IT'S OFTEN said that we are not a literary nation. I would dispute that. On the Tube last week I thought I had stumbled on an Underground book club - a man in his early twenties revisiting his teens with Junk by Melvyn Burgess was sitting next to an older woman reading Of Mice and Men; next to me was a man showing off his Foucault while two seats down someone too old for it to be an A-level text was half way through Brave New World. Another woman had folded over the cover of her book so it could have been that new book on masochism - either that or she was a masochist and it was a Jeffrey Archer.

Opposite me a young girl immersed in Animal Husbandry did not look at all happy when the heavily tattooed man with a fistful of gold rings next to her tried to strike up a conversation. "Good that book, innit? I've just finished it." Poor man, I'm sure it was only a bit of literary intercourse he was after but he should know that women do not like to be disturbed in the middle of a book. At least two of our book club members admit to carrying on reading while their husbands get on with their conjugal rights. Even if the book isn't any good. The joy of reading in flagrante is that it can be done in any position - but personally I find over his right hand shoulder the most comfortable...

AM VERY worried about my SLC6A4. This is only to be expected, I suppose, as SLC6A4 is the gene responsible for anxiety and pessimism - and I've definitely got it. But not as bad as the 11-year-old. The other day he brought back a medical form for me to sign - when it got to the question of whether he had a serious health problem, I momentarily hesitated, wondering whether the SLC6A4 counted, and he was immediately on panic alert.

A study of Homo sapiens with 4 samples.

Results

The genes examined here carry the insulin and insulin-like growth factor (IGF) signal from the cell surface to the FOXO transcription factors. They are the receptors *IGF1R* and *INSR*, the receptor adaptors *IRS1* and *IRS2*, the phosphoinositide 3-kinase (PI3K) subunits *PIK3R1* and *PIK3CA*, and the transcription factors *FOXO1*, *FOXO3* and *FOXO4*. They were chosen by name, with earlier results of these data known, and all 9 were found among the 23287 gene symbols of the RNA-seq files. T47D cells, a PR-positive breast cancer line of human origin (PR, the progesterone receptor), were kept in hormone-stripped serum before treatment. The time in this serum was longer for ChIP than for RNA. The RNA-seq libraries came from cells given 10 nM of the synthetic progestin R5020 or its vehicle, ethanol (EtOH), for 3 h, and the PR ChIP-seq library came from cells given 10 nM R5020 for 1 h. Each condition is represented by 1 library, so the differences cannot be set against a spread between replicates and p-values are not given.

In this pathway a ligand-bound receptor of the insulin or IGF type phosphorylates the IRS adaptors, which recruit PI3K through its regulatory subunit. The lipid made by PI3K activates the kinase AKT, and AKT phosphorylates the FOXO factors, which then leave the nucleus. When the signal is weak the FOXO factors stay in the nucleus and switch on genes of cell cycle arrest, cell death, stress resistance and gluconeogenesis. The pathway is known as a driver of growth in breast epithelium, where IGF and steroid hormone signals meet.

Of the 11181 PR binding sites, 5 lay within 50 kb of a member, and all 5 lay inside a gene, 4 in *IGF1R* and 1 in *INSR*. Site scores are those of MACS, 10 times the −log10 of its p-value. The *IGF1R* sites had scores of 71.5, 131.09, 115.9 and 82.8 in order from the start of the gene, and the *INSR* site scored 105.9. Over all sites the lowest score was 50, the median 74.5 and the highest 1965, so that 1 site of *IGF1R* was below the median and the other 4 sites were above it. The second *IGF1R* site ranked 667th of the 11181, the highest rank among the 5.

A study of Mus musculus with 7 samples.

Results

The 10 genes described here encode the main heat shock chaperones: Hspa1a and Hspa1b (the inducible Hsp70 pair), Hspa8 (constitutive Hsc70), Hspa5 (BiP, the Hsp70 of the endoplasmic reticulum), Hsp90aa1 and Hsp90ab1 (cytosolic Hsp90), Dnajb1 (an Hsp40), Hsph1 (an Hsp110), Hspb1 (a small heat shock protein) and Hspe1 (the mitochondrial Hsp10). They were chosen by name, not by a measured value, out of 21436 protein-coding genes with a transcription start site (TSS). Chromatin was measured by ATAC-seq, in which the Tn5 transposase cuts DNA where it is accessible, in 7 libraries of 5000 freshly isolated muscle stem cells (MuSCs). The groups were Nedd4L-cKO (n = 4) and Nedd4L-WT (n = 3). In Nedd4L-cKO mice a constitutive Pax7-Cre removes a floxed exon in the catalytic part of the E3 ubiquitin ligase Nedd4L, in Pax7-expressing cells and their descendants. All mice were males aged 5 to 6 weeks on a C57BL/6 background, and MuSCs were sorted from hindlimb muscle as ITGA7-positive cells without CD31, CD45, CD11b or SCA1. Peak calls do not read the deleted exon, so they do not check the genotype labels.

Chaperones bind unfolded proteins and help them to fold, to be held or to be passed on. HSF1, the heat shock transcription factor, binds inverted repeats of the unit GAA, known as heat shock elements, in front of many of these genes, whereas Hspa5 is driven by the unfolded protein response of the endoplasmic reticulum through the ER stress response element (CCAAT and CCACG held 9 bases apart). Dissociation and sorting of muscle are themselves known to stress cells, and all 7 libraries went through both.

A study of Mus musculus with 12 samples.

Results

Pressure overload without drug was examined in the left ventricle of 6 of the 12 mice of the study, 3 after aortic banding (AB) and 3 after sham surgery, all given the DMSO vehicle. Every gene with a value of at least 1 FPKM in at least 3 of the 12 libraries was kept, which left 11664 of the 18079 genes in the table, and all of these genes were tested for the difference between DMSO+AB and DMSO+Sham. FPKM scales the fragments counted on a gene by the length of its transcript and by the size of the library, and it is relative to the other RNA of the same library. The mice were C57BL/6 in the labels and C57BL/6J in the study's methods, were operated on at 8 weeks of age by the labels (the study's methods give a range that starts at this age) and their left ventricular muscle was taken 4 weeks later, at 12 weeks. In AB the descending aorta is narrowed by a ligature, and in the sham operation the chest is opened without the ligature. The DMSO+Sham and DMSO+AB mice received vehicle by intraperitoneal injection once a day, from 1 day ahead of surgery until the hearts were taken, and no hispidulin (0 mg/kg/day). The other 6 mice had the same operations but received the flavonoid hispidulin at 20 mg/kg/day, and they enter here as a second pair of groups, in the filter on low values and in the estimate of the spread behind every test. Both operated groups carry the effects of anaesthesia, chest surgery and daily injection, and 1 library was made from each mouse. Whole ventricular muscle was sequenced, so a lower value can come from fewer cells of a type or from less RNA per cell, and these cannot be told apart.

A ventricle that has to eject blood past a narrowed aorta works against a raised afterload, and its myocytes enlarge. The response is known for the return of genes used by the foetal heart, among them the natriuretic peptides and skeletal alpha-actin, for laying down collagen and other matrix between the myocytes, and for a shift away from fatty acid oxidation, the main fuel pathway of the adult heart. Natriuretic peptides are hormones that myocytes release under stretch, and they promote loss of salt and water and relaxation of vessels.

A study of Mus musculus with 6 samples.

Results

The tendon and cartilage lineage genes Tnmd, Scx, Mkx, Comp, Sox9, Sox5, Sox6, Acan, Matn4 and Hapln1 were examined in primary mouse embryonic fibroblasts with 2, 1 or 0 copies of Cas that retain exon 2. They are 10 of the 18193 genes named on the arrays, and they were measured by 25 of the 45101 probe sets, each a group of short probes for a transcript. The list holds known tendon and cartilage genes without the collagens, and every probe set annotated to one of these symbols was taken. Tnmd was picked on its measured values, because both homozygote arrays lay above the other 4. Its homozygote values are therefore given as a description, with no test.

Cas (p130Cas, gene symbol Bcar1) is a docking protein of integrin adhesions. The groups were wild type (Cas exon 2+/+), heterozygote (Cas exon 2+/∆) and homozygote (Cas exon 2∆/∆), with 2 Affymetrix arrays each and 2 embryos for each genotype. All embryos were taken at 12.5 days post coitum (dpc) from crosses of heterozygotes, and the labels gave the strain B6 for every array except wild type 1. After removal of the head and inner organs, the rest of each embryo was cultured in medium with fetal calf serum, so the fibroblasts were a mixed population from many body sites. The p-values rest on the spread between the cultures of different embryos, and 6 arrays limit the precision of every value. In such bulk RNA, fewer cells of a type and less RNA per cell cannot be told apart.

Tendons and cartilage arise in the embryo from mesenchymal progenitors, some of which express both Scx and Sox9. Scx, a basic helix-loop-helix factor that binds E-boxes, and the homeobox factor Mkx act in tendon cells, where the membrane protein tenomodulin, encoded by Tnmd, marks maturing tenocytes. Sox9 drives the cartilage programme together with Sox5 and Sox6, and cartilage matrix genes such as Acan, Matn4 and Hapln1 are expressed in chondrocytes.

This was final proof in his eyes that I have been concealing from him some terrible life-threatening condition. "Go on, write it down - I'll cover my eyes," he bravely declared. But at least it diverted him for a while from the long term worry of XF11: this is the asteroid that according to scientists is going to narrowly miss the Earth. Not that we believe them. "So, that's it then," sighed SLC6A4 junior, "I shall be 41 when I die."

I FEEL a bit like the wicked fairy in Sleeping Beauty when it comes to dealing out genes to the children. I've given each of them a really nasty one - my moustache to the oldest (but I suppose he'll grow in to it) and my ankles to the youngest.

I thought the eight-year-old had got away with only the charming bits - she can think herself lucky she's got my husband's bottom (and there's always waxing if it turns out be an exact copy later on). But then I heard her read out an essay in her class assembly and realised she had inherited the TPP (Tendency to Purple Prose) gene.

They had had to write a short piece on their favourite room and while others had chosen living rooms (because of the TV) and bedrooms (because of the TV), she had written an ode to the top bathroom. "I go there when I am sad and cry all by myself. Just me and my rat."

I could see the teachers exchanging "shall I call the social worker or will you?" glances, but I was captivated by the literary device of "Just me and my rat" sprinkled at intervals throughout the piece - and literary device is just what it was because she never goes near the rat. But when she got to the bit about the bathroom being like heaven "or when I'm angry just like hell" the mother two seats down from me could contain herself no longer. "That child needs counselling," she muttered out of the corner of her mouth. Huh! Jealous, that's all.